Composer takes interest in 10th Mtn Division project
VAIL — As local resident Chris Anthony struggles to complete what has been, for the past five years, his life’s work, he has had to send out many calls for help, and help continues to come to him in unexpected ways.
The story that led Anthony to create “Mission Mt. Mangart,” a film that details a little-known story of the original 10th Mountain Division troopers following WWII in Europe, came to him. Since then Anthony, who lives in Avon, has himself been on a mission to see the story told in the medium he knows best — that of the educational ski movie.
It’s a genre Anthony helped develop through decades of work with the Warren Miller film company — through the pursuit of skiing Anthony visited Mongolia, where ancient cave drawings of skiers can be found; Iran, where skiing helps bridge cultural gaps; and right here in Colorado, where the U.S. Army developed a skiing infantry unit at Camp Hale.
Anthony then took those film segments into the classroom to help kids through his nonprofit Youth Initiative Project, where he saw amazing results.
“We found that these film segments could really capture kids’ attention and engage them in a way that you don’t always see in the classroom,” Anthony said.
After seeing the demand for the short features he brought to the classroom, Anthony decided to make a full-length effort in “Mission Mt. Mangart.”
Composition from Carlo
Of the many people who have responded in helping Anthony to see it finished, one of the most unlikely participants is a man who knew nothing of skiing or ski troopers before meeting Anthony, but who heard the story and became captivated — not just by the tale, but by Anthony’s efforts, his struggle and the painstaking labor it takes to put something like this together.
Carlo Nicolau immediately recognized in Anthony’s work the conditions which often produce great art.
Himself an award-winning composer, Nicolau sees all of the makings of an important piece of modern media in Anthony’s effort.
“He’s so passionate about it, his passion has become contagious,” Nicolau said. “I jumped into his boat and wanted to work with him as if it was my film, too.”
Nicolau said at this point, Anthony couldn’t get rid of him even if Anthony wanted to.
“Every note of music I write, I want people to say ‘that’s from ‘Mission Mt. Mangart.’” I want it to be that distinct,” Nicolau said. “I want to earn the credit ‘Original music by Carlo Nicolau.’”
Core of the craft
Nicolau has more than three decades of experience in composing musical scores to accompany video. His work became recognizable around the United States in 1994, during the FIFA World Cup, when his music ran during a popular commercial where Bud Light beer bottles were playing soccer. He won a CLIO award for the work, setting his career in motion.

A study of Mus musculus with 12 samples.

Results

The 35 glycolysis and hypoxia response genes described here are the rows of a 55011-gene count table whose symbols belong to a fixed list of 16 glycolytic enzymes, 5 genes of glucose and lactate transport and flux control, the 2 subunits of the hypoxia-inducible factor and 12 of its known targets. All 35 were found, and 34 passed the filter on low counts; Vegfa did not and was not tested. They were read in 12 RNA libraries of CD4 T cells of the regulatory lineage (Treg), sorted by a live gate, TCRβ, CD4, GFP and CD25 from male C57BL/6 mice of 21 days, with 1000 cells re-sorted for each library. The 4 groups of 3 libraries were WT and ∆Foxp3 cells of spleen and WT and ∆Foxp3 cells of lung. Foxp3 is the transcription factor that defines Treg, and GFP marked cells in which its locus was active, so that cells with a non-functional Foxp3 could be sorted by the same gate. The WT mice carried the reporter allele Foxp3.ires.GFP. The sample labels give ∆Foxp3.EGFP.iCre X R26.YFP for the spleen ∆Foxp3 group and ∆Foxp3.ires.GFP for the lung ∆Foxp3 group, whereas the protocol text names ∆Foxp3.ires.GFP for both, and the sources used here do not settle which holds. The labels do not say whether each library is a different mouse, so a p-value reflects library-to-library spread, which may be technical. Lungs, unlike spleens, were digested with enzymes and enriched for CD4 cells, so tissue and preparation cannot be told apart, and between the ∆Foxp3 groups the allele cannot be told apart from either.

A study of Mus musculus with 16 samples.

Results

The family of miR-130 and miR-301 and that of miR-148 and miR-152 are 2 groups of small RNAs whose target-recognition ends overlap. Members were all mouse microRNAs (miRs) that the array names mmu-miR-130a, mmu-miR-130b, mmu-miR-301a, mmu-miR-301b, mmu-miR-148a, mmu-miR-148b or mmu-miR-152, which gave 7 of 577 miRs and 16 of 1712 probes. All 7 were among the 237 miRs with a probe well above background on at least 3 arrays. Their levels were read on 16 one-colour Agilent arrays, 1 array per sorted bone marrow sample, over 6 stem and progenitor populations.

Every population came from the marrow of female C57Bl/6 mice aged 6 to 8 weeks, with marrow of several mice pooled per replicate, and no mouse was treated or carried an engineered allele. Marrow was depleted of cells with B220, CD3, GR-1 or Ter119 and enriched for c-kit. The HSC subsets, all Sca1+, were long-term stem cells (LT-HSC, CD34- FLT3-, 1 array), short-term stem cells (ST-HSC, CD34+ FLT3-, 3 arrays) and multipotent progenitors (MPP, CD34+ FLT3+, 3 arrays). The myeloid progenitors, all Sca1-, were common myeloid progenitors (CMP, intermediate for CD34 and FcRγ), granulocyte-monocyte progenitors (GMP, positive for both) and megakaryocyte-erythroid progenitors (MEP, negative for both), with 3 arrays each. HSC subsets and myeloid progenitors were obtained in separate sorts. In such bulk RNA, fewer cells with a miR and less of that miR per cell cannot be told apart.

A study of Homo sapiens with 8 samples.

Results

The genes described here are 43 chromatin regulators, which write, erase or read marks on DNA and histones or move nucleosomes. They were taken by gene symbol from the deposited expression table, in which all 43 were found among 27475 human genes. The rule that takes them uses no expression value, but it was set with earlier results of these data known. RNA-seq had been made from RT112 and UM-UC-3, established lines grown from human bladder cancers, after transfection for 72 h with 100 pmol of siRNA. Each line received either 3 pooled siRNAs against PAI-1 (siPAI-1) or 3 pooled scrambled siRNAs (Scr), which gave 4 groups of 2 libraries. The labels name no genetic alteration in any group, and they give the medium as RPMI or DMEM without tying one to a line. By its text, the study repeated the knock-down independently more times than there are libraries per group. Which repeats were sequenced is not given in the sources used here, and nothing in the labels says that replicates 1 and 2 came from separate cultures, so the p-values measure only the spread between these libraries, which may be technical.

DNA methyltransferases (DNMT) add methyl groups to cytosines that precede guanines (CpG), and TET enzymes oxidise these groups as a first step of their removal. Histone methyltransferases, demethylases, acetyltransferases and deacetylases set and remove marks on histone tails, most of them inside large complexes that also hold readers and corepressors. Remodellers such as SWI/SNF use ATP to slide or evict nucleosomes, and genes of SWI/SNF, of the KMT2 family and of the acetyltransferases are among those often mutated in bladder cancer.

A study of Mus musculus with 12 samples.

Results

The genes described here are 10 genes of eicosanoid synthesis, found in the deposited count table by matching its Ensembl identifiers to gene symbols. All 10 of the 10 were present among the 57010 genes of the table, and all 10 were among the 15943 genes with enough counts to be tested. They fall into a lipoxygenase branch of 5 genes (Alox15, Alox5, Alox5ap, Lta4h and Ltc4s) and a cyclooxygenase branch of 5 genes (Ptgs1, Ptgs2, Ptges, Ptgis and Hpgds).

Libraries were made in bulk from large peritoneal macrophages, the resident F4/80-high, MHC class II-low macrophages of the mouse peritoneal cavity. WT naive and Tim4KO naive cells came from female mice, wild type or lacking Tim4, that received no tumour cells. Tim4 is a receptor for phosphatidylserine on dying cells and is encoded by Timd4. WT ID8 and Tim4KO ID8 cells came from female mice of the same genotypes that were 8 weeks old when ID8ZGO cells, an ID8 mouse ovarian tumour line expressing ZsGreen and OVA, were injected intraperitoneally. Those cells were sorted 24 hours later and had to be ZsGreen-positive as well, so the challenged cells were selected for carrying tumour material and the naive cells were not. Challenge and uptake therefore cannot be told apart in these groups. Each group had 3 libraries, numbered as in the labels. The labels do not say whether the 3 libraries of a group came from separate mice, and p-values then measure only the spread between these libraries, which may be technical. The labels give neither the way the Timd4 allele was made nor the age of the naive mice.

In 1999, Nicolau co-wrote the original music for the 1999 film “Santitos,” which won the Latin America Cinema Award at the Sundance Film Festival, and in 2007, Nicolau worked on the original score for the film “My Mexican Shivah,” which was performed by the Grammy award-winning ensemble The Klezmatics.
“It’s a very lucky break that life has given me, to love what I do,” Nicolau said.
Anthony said when Nicolau discovered the film, it was like another part of the story which needed to find him in order to complete the effort.
“These incredible connections keep presenting themselves to me, throughout this process, which help this story to be told in a beautiful way,” Anthony said. “Finding Carlo was part of this story’s destiny.”
In completing “Mission Mt. Mangart,” Nicolau and Anthony now tap into the core of the craft, harkening back to the era where music and film found a synergy as the metronome ran to the rhythm of the film.
“One of the most beautiful things I have done in my career is work with Chris on this film,” Nicolau said. “I accomplished what I wanted for the film, not for him or me, for the film.”
With a singular focus on the art itself, Nicolau will not accept payment at this time. And Anthony, of course, doesn’t have the funds to pay Nicolau even if he would accept a payment.
“Create the magic first and then the money either will show up, or won’t,” Nicolau said.
His advice to anyone navigating the business side of art: “Build a relationship based on creativity rather than based on a product.”
Anthony does, of course, intend to pay Nicolau the proper market rate, even if he has to get a night job tuning skis to do so. But he needs to finish the film first. As it nears completion, Anthony is once again reaching out to the world for the final push. He needs maps, he needs graphics, and he needs professional mastering over his rough creation once those maps and graphics are filled in.
The storytelling part of the film itself, however, is complete, and it is indeed a remarkable story. At a recent event in Slovenia commenting the 75th anniversary of the 10th Mountain Division’s activity at Mt. Mangart in Slovenia, U.S. Ambassador Lynda Blanchard’s staff helped organize the event, and also are eager to hear the story told through Anthony’s film.
“It will be much, much better known once Chris gets the film out,” said J.B. Leedy, a public affairs officer at the U.S. Embassy in Ljubljana, Slovenia.
Anthony is hoping additional donations and crowdfunding can complete the film, as he is unwilling to relinquish any creative control or offer any of the compromises which often accompany a corporate partnership.
“Chris has something special here,” Nicolau said. “It’s a story that’s going to interest people internationally.”
Anthony and Nicolau hope to debut “Mission Mt. Mangart” later this year.
To contribute, visit chrisanthony.com/youth-initiative-project.